Swift loves ReDI

Written on July 23, 2018 by Manuela Rink

It’s a Swift summer

It’s summer! And during this time Munich is the best town for having a nice beer in a Biergarten or just hanging out outside and enjoy the sun in the English Garden or along the Isar with one’s feet dangling in the water.

Summer is about learning also — at least at ReDI Summer School 🤓

And that’s exactly what we did during two gorgeous Summer evenings. Stay inside, sit in front of the computer and teach a bunch of students eager for knowledge how to code in Swift!

So who is “we”? It’s René Ruppert, a Xamarin University teacher and me, Manu Rink, a software engineer both working for Microsoft.

But more important is ReDI school! It’s a school for tech-interested newcomers in Germany, mostly with a refugee background to ramp them up and get them going with new jobs and therefore their new lives. The majority of the students is between 25 and 35 and bring at least some programming knowledge in a popular language to the table.

The Swift Summer School course was taking place three times with the objective to bring students from “What is Swift” to “Oh look a running iOS app — I did it!”. And I’d say we reached that goal nicely — with a couple of little bumps along the road 🙃

We started the first lesson by covering the very basics how values get saved on variables, how to deal with types and to do basic calculations until we finally reached the peak of confusion for the evening — arrays and dictionaries. We ended the lecture by discussing why we as coders have to know what type a value has and why Swift can’t convert our ANY type nicely and without problems into numbers, strings and images by itself. Reasons given but rejected therefore discussion postponed 😜

The lesson went a bit chaotic because of noticeable knowledge differences. If a bunch of students in the group already know what e.g. a collection is they might get a bit bored by hearing it again and start talking to each other. This noise level distracts the rest of the class and… you can guess the rest.

So keeping the whole lot interested and focused on the topic was fairly challenging.

But there was something way harder to deal with: their disillusionment. It was heartbreaking. We covered a lot in the first session as we just had two of them and time was our main limiting factor. We even heard “We’ll never be able to do this” as an answer as we set the expectation for the next session — which was shocking! But we sticked to the plan and René and me promised on our grandmothers that this will happen — they’ll have their own iOS app coded by tomorrow evening . And yes — no pressure 😩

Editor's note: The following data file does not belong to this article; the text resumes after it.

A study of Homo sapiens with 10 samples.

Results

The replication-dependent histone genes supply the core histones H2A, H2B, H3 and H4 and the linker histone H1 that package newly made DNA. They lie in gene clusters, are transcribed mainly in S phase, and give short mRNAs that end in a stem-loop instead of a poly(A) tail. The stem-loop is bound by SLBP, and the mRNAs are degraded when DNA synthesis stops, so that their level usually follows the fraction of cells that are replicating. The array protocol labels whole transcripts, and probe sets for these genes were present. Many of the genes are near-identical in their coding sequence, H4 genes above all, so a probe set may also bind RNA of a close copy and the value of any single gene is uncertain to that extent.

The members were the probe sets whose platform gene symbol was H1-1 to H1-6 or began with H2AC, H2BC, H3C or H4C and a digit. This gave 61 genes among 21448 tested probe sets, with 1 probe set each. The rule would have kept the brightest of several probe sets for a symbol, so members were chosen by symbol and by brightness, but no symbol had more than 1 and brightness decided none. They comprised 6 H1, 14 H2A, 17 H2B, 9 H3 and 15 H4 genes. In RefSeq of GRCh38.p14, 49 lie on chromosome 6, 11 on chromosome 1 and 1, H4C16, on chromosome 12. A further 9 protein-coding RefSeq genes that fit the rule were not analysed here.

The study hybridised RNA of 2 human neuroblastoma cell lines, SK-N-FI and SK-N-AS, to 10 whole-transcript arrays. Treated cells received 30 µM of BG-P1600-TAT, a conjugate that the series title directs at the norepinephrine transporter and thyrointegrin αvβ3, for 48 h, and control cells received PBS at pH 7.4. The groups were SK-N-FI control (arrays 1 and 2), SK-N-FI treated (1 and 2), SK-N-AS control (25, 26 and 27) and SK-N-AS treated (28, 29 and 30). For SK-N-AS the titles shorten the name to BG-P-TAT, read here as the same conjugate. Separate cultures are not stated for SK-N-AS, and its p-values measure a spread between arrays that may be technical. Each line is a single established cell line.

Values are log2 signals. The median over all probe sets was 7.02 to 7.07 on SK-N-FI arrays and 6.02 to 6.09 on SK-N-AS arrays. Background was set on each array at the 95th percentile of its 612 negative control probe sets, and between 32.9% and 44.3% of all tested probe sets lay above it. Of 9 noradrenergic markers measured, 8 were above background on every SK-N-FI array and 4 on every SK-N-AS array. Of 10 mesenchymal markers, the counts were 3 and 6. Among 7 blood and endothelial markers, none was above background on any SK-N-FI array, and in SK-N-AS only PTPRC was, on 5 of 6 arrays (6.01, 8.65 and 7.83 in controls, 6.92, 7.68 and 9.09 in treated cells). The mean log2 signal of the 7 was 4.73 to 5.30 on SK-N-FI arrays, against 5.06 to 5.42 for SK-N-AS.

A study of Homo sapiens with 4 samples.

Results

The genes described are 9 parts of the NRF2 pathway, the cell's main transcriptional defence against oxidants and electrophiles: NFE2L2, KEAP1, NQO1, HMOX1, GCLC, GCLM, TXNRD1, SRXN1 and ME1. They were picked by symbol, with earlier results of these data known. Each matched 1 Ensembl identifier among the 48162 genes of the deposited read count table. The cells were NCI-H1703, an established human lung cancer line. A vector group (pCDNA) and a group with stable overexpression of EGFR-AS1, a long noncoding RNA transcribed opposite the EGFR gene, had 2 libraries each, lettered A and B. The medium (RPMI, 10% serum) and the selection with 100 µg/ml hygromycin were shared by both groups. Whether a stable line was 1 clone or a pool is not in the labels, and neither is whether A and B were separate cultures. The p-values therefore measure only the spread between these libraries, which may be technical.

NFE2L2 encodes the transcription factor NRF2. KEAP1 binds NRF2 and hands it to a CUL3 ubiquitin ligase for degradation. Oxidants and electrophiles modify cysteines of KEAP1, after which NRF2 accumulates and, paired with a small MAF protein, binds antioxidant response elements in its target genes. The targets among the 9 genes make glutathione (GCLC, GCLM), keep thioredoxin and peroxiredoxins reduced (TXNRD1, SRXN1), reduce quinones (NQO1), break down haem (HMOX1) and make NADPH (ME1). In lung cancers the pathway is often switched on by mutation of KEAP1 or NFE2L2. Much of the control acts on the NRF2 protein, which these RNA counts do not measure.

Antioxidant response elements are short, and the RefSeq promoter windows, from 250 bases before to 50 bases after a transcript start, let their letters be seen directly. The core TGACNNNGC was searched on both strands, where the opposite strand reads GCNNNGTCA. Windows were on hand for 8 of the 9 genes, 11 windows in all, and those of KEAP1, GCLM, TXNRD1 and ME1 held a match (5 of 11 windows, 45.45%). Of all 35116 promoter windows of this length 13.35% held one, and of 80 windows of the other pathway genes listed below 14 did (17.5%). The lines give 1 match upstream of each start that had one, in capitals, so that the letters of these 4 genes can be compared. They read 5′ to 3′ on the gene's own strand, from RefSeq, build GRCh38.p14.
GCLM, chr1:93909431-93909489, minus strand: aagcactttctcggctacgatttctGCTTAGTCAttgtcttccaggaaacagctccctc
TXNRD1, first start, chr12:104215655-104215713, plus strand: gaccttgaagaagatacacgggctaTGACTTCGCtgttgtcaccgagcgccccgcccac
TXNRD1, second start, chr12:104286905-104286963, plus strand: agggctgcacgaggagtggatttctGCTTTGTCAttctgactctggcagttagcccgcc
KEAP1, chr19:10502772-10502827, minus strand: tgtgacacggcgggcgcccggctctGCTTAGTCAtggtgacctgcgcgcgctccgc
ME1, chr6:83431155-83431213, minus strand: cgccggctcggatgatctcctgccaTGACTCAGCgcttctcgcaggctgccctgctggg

What really worked nicely tough was the coding in Xcode playgrounds despite the flaws it currently has. The students got a prefilled version of each mini lecture and then could decide by their own to just learn by watching the teachers instructions or type to really see what happens. That decision should be really up to the student as they know best how they learn (which might not apply to kids students).

As we meet the next evening there was a slight tension in the room — high expectation and maybe a bit of fear as well. But as we went along with the content everything went super smooth. We started with explaining what all this stuff in Xcode and the Interface Builder is about and tried to focus on the parts you’ll need for your very first steps. We also prepared an already working app with a little navigation flow in it to get started faster. And in the end we filled a text area with lines on text on button taps plus added randomly generated emojis. The bonus was to delete all the stuff with a tap on a clear button. Yes, that’s a super small exercise but for someone who has never seen Xcode from the inside and is afraid of everything in there this is quite a big achievement. And that’s why they beamed all over their face and left with a fair feeling of success 💪

For René and me the biggest reward in teaching is exactly this beam of excitement and success in their faces. Watching them while they go from “I’ll never be able to do this” to ‘Damn whaaaat! I did it” and be the helping hand when they get stuck. In the end it is us teachers who might ignite the coding passion in someone. So go out there!

Teach and tell people what you know and don’t be scared of “not knowing enough”.

Maybe you’ll start with the ReDI school 🤓 They are constantly looking for volunteer teachers who are proud and passionate about what they do. Give it a try!